January of 2015 is when The Green Ember officially released. It feels like a thousand years ago and/or yesterday, but it was indeed five human years ago.
A part of me still hasn’t been able to process what’s happened. That has to do with the fact that I haven’t really stopped for very long to mull it over (I’ve written seven more books in those five years), and also maybe a kind of subconscious, low-grade shock or an inability to fathom the astonishing response to these books. In another way, it feels pretty normal now and so I don’t actively think about it much. It feels kind of important to me not to think about it too much. Press on and focus on the aim of the work!
I know that my gratitude is real, and my love for you who read and share my books is on my mind and heart daily. I have to keep on saying Thank You, because I mean it and I want you to hear it.
I do love that I have a job where I don’t have to pretend affection or appreciation or act a part. I genuinely believe I have the best audience in books and that, yes, some other authors have higher quantity of readers, but none have a better quality of reader. You should see the letters I get from kids all over the country—and the world! They are lovely, generous, articulate, and creative. Some of the art I get in the mail is astonishing. What an incredible privilege.
I seldom stop to consider the honor and fun it’s been over these past few years. But I’m going to. Right now. What has happened?
From fearing we’d never ever sell the first 1,500 copies we ordered in the original printing of The Green Ember, we have been basically reprinting non-stop ever since. Andrew Mackay, my publisher and partner in crime from the get-go has been a ninja. He is right-at-this-moment (as I write) ninja-ing the series finale, Ember’s End, into shape to be printed.
Sometime last year, we passed half a million copies sold in the series, and then went on to have our best period of sales ever. Part of our aim is to sell a higher percentage of copies through our store (redistributing coins from Jeff Bezos to us) and that happened in a big way.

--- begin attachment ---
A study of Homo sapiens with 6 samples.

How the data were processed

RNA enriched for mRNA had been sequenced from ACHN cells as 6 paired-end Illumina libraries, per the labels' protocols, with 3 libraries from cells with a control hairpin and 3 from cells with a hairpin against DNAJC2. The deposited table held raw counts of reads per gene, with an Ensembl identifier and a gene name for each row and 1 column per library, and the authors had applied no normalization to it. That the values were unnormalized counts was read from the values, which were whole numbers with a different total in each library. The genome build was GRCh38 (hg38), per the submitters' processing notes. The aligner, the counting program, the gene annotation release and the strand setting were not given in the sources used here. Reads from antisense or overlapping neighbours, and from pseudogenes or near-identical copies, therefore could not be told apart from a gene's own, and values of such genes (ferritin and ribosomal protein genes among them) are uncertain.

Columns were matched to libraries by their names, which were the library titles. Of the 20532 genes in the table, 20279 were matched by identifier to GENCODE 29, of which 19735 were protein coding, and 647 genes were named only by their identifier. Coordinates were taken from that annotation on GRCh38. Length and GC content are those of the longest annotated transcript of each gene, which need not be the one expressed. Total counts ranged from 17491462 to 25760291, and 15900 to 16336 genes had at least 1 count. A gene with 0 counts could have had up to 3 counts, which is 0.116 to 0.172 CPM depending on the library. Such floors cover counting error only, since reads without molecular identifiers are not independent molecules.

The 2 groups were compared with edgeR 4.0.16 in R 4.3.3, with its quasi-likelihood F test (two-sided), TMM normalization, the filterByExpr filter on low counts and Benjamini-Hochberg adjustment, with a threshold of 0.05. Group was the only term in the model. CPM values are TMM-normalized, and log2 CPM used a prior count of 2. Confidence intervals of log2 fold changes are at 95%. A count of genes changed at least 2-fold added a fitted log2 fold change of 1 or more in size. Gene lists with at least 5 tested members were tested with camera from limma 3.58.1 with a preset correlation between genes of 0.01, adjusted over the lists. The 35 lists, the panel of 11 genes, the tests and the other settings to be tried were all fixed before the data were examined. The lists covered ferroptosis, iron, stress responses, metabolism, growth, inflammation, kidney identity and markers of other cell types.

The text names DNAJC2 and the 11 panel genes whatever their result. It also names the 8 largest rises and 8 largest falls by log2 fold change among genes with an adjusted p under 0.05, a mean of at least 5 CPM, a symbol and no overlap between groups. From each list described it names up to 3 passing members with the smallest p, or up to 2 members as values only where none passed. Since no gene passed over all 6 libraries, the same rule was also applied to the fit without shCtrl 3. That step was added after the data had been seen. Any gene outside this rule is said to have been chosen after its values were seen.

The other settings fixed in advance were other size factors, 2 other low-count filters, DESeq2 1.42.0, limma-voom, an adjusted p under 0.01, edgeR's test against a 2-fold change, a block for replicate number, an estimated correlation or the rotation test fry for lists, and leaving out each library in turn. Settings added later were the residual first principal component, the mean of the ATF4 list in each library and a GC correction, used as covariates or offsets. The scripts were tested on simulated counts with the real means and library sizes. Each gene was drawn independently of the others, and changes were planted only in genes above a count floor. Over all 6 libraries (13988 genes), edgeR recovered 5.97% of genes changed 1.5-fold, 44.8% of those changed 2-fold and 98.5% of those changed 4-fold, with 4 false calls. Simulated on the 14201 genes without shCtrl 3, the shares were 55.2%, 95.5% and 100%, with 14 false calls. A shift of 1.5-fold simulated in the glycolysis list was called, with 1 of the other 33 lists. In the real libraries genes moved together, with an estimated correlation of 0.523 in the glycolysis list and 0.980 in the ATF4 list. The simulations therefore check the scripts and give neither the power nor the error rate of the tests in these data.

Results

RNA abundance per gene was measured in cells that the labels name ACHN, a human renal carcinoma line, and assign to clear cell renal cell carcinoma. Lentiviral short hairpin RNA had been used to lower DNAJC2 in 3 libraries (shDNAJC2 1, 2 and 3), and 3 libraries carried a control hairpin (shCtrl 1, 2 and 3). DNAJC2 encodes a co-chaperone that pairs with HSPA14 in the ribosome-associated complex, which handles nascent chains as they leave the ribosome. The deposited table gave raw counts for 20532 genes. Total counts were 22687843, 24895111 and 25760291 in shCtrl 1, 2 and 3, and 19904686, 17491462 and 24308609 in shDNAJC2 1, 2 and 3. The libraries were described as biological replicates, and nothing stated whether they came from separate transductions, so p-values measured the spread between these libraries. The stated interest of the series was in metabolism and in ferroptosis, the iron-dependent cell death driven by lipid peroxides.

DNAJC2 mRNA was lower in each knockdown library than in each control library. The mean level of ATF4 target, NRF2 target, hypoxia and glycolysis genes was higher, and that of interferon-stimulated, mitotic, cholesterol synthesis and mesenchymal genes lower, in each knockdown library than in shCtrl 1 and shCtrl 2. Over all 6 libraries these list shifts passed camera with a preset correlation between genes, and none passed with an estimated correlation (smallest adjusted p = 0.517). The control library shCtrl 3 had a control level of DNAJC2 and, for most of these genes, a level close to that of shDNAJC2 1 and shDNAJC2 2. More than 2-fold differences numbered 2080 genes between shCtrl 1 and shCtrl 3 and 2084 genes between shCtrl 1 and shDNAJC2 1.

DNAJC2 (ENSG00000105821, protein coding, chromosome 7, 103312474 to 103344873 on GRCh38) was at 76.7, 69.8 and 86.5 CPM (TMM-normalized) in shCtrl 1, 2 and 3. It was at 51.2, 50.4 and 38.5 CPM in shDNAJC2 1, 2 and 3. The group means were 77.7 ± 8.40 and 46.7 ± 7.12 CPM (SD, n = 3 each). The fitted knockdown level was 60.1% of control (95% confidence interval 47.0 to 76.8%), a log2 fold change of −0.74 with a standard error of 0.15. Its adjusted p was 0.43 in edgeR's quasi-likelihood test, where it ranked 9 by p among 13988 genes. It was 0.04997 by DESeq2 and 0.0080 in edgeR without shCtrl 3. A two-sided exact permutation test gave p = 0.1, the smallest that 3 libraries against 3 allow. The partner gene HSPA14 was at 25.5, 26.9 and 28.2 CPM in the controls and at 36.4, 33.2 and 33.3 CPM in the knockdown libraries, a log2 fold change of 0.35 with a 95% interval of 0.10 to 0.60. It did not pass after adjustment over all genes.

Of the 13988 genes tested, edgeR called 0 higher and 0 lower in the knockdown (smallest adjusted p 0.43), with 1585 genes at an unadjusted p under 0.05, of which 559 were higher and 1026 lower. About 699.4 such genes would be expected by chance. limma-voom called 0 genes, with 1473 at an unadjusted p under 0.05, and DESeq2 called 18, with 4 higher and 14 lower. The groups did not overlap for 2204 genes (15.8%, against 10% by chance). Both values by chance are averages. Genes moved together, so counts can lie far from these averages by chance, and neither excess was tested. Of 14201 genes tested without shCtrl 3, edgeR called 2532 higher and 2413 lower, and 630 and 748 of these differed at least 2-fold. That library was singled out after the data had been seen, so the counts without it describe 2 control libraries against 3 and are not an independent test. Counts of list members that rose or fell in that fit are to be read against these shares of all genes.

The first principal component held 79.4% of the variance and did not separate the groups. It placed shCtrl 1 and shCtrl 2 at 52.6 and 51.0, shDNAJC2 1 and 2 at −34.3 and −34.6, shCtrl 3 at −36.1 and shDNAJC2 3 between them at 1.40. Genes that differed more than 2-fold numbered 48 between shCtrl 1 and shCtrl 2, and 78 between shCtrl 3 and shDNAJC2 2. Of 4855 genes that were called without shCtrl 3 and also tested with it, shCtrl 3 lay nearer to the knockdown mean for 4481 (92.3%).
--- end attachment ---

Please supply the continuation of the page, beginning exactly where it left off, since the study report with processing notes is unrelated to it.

Our overall strategy isn’t too scientific or cutting edge, but we do want to continue to make close connections with readers that don’t involve the middle-men of the new all-powerful tech behemoths like Facebook, Amazon, Google, etc. So our store, my newsletter, my own blog/site, are things we hope people will connect to. And that is happening. We have a large and growing bunch of cool humans who get my newsletter. A high percentage of folks actually look at them, and that’s good. A big goal for me is to improve that experience for readers and see if more readers will tune in. On big tech’s platforms, our attention and personal data is their currency (we are the product) and we want to be liberated from that and their censorious and often-sinister proclivities.
That sounded doomy, but my point is cheery—that our long-term aim to shift those percentages toward direct connections and less bloated technocrat middle-men is working, and I’m grateful to you for that.
Another huge blessing to me has been that two and a half years ago (midway along my journey), I was able to leave my job and do this work full-time. Now it’s hard to imagine doing anything else. I’m not sure I could do a “real job” again. I kid. This is a real job, and it’s often very hard work, but I love it so much. It’s an answer to prayer. And, compounding that joy, I get to work with my brother Josiah every day and that is a real dream come true for me. Josiah is the best.
Zach Franzen has created fantastic interiors, beautiful covers, has contributed to the shape of the stories in important ways, and has been a good friend I treasure.
I have had wonderful editors and beta-readers, among them my own family, and James Witmer and Carolyn Leiloglou.
Joel Clarkson’s narration has been a gift, as has his family’s friendship over the years. Joel’s performance of The Green Ember audiobook drew lots of attention and helped it become, for a few days, the bestselling audiobook on earth. The series continues to sell well and the addition of the talents of my fellow West Virginia, Eric Fritzius, who has performed the short novels, has been excellent. I love Eric’s narration.
I have had the privilege of speaking to thousands of readers on several different book tours (and am preparing for a new one this year—more on that soon). I’ve been on tours in North Carolina, South Carolina, Georgia, Tennessee, Pennsylvania, Florida, Virginia, Ohio, Missouri, Texas, Colorado, California, and the best state ever, West Virginia.
All five years have been surprising and challenging and liberally leavened with joy. 2019 was another good one. A belter.
I was able to write the finale to The Green Ember Series, something I was so eager to do and prayed for often over the years. Part of me would like to stretch it out (sell more books), and go on writing it for years, but I have always hated bad (forced, over-stretched) endings and so I was keen to end it as well as I was able in reasonable time. I think I have.
I can’t wait for you to read Ember’s End.
I’m so grateful to you for these five years.
God bless and keep you. Here’s to five more, God willing!
P.S. I’m planning to share some news Monday in my newsletter. I hope you’ll tune in.